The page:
National Survey Finds Dip in Teen Marijuana Use, Dispels Anti-legalization Myth

Jun 09, 2016


Federal Government Survey Once Again Dispels Myth That Rolling Back Marijuana Prohibition Laws Will Lead to an Increase in Teen Marijuana Use

The CDC reports the rate of current marijuana use among U.S. high school students dipped from 2013 to 2015 as states throughout the country continued to reform marijuana laws; on average, significantly fewer students used marijuana in 2015 — a year in which marijuana was legal for adult use in four states and medical use in more than 20 states — than in 1997, the year in which the first state medical marijuana law was implemented

WASHINGTON — The results of a federal survey released Thursday by the U.S. Centers for Disease Control once again dispel the myth that rolling back marijuana prohibition laws will lead to an increase in teen marijuana use.

According to the biennial National Youth Risk Behavior Survey (YRBS), 21.7% of U.S. high school students reported using marijuana in the past 30 days, down from 23.4% in 2013 and 26.2% in 1997, the year California implemented the first state medical marijuana law. From 1996-2015, four states and D.C. adopted laws making marijuana legal for adult use and 23 states adopted laws making marijuana legal for medical use.

The 2015 YRBS results are available online at http://1.usa.gov/1ZBzSbU.

“These survey results once again dispel the myth that more teens will use marijuana if we roll back our failed marijuana prohibition policies,” said Mason Tvert, director of communications for the Marijuana Policy Project. “From Alaska to Illinois to Maryland, states are rethinking and reforming their marijuana laws. In every one of those states we’ve heard opponents argue that it will result in increased teen use, but those concerns have proven to be unfounded.”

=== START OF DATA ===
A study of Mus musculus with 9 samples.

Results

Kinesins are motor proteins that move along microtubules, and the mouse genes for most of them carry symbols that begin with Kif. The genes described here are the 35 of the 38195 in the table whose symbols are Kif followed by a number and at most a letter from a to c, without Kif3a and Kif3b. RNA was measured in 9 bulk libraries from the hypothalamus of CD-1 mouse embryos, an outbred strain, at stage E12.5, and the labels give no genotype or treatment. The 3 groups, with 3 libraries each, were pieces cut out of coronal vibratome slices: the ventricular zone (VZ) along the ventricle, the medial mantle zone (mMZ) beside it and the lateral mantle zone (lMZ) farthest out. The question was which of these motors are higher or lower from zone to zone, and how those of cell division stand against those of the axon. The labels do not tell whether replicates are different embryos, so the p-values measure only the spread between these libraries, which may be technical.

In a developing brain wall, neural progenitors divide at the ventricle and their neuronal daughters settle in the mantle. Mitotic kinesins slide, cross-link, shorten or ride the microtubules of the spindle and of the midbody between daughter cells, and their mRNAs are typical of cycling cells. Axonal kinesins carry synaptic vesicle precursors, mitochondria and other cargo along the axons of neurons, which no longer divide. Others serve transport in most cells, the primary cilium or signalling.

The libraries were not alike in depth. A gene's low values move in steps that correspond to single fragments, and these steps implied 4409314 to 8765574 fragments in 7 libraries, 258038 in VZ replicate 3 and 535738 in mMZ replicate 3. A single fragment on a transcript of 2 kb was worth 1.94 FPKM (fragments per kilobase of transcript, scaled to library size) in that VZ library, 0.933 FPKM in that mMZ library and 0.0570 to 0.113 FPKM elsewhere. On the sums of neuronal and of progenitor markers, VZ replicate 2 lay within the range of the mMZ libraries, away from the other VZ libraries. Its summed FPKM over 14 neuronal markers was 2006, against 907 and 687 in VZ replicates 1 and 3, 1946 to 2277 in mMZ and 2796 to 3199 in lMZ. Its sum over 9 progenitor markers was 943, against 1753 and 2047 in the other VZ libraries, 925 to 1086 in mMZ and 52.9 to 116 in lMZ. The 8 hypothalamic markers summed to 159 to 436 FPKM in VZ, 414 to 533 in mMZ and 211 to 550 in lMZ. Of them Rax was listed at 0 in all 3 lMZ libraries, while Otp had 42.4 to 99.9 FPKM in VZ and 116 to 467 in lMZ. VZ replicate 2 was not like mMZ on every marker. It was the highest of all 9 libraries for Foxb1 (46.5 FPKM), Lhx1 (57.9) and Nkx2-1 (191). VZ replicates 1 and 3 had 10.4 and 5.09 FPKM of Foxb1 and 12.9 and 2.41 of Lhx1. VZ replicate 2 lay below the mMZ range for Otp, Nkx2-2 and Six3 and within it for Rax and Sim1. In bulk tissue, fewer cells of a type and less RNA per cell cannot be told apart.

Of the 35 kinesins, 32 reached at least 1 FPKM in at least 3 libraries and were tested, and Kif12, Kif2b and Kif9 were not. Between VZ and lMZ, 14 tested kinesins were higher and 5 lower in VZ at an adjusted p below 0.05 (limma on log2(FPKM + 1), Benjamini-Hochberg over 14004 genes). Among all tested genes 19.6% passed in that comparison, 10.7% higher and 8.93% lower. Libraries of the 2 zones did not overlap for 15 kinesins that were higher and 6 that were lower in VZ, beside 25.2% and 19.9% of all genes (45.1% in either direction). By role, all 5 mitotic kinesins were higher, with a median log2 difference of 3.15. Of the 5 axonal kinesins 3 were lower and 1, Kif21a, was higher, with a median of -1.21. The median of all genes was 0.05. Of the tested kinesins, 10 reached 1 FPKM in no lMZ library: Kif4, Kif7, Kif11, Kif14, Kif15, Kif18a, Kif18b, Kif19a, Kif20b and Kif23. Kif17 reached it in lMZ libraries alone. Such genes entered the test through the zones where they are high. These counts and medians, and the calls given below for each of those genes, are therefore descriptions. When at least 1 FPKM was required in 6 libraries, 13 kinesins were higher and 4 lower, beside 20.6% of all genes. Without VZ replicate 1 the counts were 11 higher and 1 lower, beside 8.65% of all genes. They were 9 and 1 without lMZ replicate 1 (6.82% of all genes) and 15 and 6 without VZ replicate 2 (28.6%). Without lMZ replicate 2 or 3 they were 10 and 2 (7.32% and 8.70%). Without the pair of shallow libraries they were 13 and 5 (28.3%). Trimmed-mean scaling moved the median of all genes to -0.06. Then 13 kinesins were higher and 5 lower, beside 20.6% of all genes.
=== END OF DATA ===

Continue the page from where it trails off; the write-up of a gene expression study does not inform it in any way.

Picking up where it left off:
The YRBS found that the rate of current use by high school students in Alaska, which adopted a law making marijuana legal for adults in 2014, dipped slightly from 19.7% in 2013 to 19.0% in 2015. Colorado, which made marijuana legal for adults in 2012, did not participate in the survey this year or in 2013. Washington and Oregon, which made marijuana legal for adults in 2012 and 2014, respectively, have never participated in the YRBS.

Initiatives to legalize and regulate marijuana for adult use are expected to appear on state ballots this November in Arizona, California, Maine, Massachusetts, and Nevada. Florida is set to vote on an initiative to legalize and regulate marijuana for medical use, and similar measures are likely to appear on ballots in Arkansas and Missouri.

“Voters and legislators who are considering proposals to repeal marijuana prohibition should be wary of opponents who claim it will result in more use by teens,” Tvert said. “The evidence suggests otherwise.”

The latest YRBS results once again suggest that regulating marijuana could be more effective at preventing teen marijuana use than current prohibition policies. According to the CDC’s findings, the percentages of high school students who currently use alcohol and cigarettes — products that are legal for adults and regulated in all 50 states — have significantly and steadily declined over the past two decades, whereas the rate of marijuana use has remained relatively consistent. The rate of current alcohol and cigarette use by high school students dropped from 51.6% and 34.8% in 1995, respectively, to 32.8% and 10.8% in 2015.

“Our nation has dramatically reduced rates of teen drinking and smoking over the past two decades by regulating alcohol and cigarettes,” Tvert said. “We would likely see similar results if we regulated marijuana in a similar fashion. We did not have to arrest hundreds of thousands of responsible adult alcohol consumers each year in order to reduce levels of teen drinking. So why is most of the country still taking that approach when it comes to preventing teen marijuana use?”